State Pension Age - Under Review Again

TheresaMay

#2
Given that at the time state pension was introduced, very few people back then lived long enough to see it - I fail to understand the uproar when the government call to re-evaluate it.

It is after all, the largest chunk of the Welfare Budget.

It sounds cold, but at the time it was introduced, they probably arrived at the age by working out when the average citizen croaked and set the bar there. As we're living longer and longer I don't see why that should be any different. If you're living longer than you would've done four decades ago, then there's no reason you can't be working longer.

I'm standing by to be shot down in flames, but bottom line for me is that if I'm gonna live to the ripe old age of 85, then I'm not gonna spend 20 of them sat on my arse.
 
#7
Reading that and the way its going I'll be at least 70 at retirement
Either that or up the indivisual contributions to it. It's as DavidCameron said in an earlier post. The state pension was set up when we weren't expected to live as long.

The problem we have now, is that as people have paid into it, they think they're entitled to all of it. Nobody has the balls to say that they've paid part way to it.

Anyway, what's wrong with working to 70. There's many a spritley 70 year old working away.
 
S

syledis

Guest
#8
Daily Mail question..

if a person is granted asylum or resident status in the uk, are they entitled to a full pension even although they have never made any contributions towards it?
 
#9
Not the Basic State Pension - that depends on National Insurance contributions.
 
#13
Slightly off thread ...

Been retired over ten years now and all Pensions now being received ... pleased to be out of the uncertainty associated with initially retiring .... I in fact am better off under the current UK State Pension scheme ... in 2017 when the new State Pension comes in a lot of people are going to be worse off ...

However, second pension and other top-up arrangements will be removed under the
reforms. These other arrangements include the state second pension, the state
earnings-related pension and graduated pension. This means that many people who
contributed to these top-up arrangements will end up worse off.
Full article ... linky ... State pension overhaul to leave most people worse off - Telegraph
 
#15
Wouldn't it be nice to hear pensioners are better off? I expect many still starve and freeze to death each year.
Most pensioners are better off and the likelihood is that some of their protected universal benefits will be whittled away to share the burden. Younger, working people are bearing a disproportionate share of the pain and that is not politically acceptable in the long run.

That's from the Fabian Society; summary and full report here:


Think piece #1: The Fabian Society – Ageing in the Middle : Hanover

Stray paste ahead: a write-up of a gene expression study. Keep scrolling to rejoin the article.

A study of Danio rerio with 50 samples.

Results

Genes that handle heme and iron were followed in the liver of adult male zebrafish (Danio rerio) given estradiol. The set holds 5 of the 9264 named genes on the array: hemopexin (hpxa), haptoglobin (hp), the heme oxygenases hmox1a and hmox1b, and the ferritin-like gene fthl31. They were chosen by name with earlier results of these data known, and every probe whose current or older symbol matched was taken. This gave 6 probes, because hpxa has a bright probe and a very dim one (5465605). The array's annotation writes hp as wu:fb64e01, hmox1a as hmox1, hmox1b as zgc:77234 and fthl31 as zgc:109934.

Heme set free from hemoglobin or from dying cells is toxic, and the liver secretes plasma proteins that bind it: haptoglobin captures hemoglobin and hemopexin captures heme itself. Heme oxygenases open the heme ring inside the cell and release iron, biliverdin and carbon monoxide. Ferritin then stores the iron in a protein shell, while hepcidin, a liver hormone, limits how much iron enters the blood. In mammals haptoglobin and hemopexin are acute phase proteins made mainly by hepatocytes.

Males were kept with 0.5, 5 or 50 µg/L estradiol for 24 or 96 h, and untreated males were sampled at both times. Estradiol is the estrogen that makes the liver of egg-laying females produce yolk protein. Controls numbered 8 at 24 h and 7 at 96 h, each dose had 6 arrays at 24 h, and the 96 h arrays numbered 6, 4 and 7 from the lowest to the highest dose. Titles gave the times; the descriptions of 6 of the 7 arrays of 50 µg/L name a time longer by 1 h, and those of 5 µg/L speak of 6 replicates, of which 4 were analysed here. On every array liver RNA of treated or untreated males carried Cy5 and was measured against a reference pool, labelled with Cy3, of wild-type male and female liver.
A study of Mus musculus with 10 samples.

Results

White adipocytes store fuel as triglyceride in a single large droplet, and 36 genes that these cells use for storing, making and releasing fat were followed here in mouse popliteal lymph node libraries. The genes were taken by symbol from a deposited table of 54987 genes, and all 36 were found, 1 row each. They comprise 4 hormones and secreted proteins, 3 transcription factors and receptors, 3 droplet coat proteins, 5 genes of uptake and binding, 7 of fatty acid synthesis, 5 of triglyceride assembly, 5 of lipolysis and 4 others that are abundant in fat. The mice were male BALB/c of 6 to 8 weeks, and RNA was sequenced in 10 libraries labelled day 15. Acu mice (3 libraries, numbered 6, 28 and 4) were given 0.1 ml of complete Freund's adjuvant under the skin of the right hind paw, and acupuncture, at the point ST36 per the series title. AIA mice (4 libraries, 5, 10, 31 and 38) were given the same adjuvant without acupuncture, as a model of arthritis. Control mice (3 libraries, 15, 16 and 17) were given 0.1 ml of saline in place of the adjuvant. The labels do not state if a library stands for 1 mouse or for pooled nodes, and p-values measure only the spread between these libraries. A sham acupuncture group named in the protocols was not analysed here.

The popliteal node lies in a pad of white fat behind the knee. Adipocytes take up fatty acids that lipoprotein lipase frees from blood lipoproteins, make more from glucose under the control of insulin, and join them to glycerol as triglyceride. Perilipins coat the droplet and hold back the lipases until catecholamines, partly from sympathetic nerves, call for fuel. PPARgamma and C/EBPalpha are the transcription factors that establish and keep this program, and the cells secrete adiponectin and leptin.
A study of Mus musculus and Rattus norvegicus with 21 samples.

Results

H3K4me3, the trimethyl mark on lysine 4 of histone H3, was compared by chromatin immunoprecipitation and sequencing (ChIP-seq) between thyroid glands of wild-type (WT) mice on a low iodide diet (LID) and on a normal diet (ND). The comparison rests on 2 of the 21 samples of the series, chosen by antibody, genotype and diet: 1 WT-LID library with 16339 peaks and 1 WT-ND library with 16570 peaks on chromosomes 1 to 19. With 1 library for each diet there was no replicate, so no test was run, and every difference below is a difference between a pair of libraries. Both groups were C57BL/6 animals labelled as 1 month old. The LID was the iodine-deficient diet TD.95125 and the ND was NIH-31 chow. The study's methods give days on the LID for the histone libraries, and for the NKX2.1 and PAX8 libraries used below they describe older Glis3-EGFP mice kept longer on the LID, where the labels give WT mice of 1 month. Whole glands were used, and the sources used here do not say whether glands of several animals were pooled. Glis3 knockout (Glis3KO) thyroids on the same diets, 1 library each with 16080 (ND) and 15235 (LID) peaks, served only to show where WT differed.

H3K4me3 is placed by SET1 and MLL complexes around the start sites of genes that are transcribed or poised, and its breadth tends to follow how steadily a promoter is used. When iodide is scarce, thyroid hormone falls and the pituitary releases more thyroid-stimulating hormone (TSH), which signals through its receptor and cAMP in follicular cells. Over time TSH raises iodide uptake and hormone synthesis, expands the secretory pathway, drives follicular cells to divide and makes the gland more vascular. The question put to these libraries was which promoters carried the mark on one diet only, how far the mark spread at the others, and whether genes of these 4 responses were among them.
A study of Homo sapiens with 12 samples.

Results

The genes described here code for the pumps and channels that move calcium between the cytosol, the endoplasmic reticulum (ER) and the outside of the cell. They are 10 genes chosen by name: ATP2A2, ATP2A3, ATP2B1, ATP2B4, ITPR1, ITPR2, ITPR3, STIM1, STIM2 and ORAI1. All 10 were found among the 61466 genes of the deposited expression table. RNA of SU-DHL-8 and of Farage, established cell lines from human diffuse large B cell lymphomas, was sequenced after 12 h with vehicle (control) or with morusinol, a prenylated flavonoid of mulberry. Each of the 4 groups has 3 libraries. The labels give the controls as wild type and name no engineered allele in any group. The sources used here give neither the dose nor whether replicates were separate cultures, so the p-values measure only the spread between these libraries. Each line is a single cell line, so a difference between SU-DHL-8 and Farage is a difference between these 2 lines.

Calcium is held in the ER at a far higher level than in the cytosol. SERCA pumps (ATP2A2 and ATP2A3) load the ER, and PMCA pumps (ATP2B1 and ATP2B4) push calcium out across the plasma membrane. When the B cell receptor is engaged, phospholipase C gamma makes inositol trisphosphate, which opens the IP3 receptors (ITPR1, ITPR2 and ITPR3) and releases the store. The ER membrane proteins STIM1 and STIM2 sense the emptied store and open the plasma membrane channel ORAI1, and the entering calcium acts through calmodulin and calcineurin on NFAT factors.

#18
Most pensioners are better off and the likelihood is that some of their protected universal benefits will be whittled away to share the burden. Younger, working people are bearing a disproportionate share of the pain and that is not politically acceptable in the long run.

That's from the Fabian Society; summary and full report here:


Think piece #1: The Fabian Society – Ageing in the Middle : Hanover
I am sure that will happen .... and the next area to be looked at will be the elimination of the tax free lump sums from none state pensions ... or the introduction of a 5 or 10 % tax on such payments ... that is why I am pleased I have all my tax free lump sums .
 
#19
I'm afraid this is inevitable, I'd just hope they'd have the political courage to phase it in rather quickly rather than slowly to avoid the wrath of voters. While the problem is nowhere near as bad in the UK as many EU countries there are simply too many old folk who have made very little provision for retirement and not enough young uns earning steady wages. Frankly money needs to be spent on improving and enabling the UK work force not on those taking their place in God's waiting room often well before they have lost the ability to earn.

After the NHS the UKs already very meager state pension is already the major rapidly ticket item in public expenditure, it dwarfs the working age entitlements this government has been whittling at to little effect. Life expectancies and to some extent the ability to work are extending while it looks like the revenue base will shrink as the UK seems to be on a path to a low productivity low wage economy. Work is changing, traditional heavy manual labor damaged folk to such an extent they often were disabled before pension age, knowledge economy jobs are not like this.

The younger generations has also been subject to a great deal of intergenerational theft, saddled with debt and deferred investment, gyped by government created real estate booms and tax breaks based on selling off national assets that were effectively electoral bribes to their grand parents. Deprived of the free education and generous state support that briefly enabled social mobility in previous generations and now increasingly trapped in a soulless consumer culture they can't afford. Conditioned by their environment they are also generally not the sort of people who see pulling together as a community to support each other as anything but a hinderance to their personal advancement. They are liable to be much more tightfisted when it comes to wards of the state. I'd be bitter in their shoes, they've yet to awaken to what has been taken from them but that day will come, some party will seize that fertile ground and harvest the fruits of grievance.

I'd question if state pensions will even survive, they are the endgame of the relentless class war against the social safe guards created by the WWII genreration.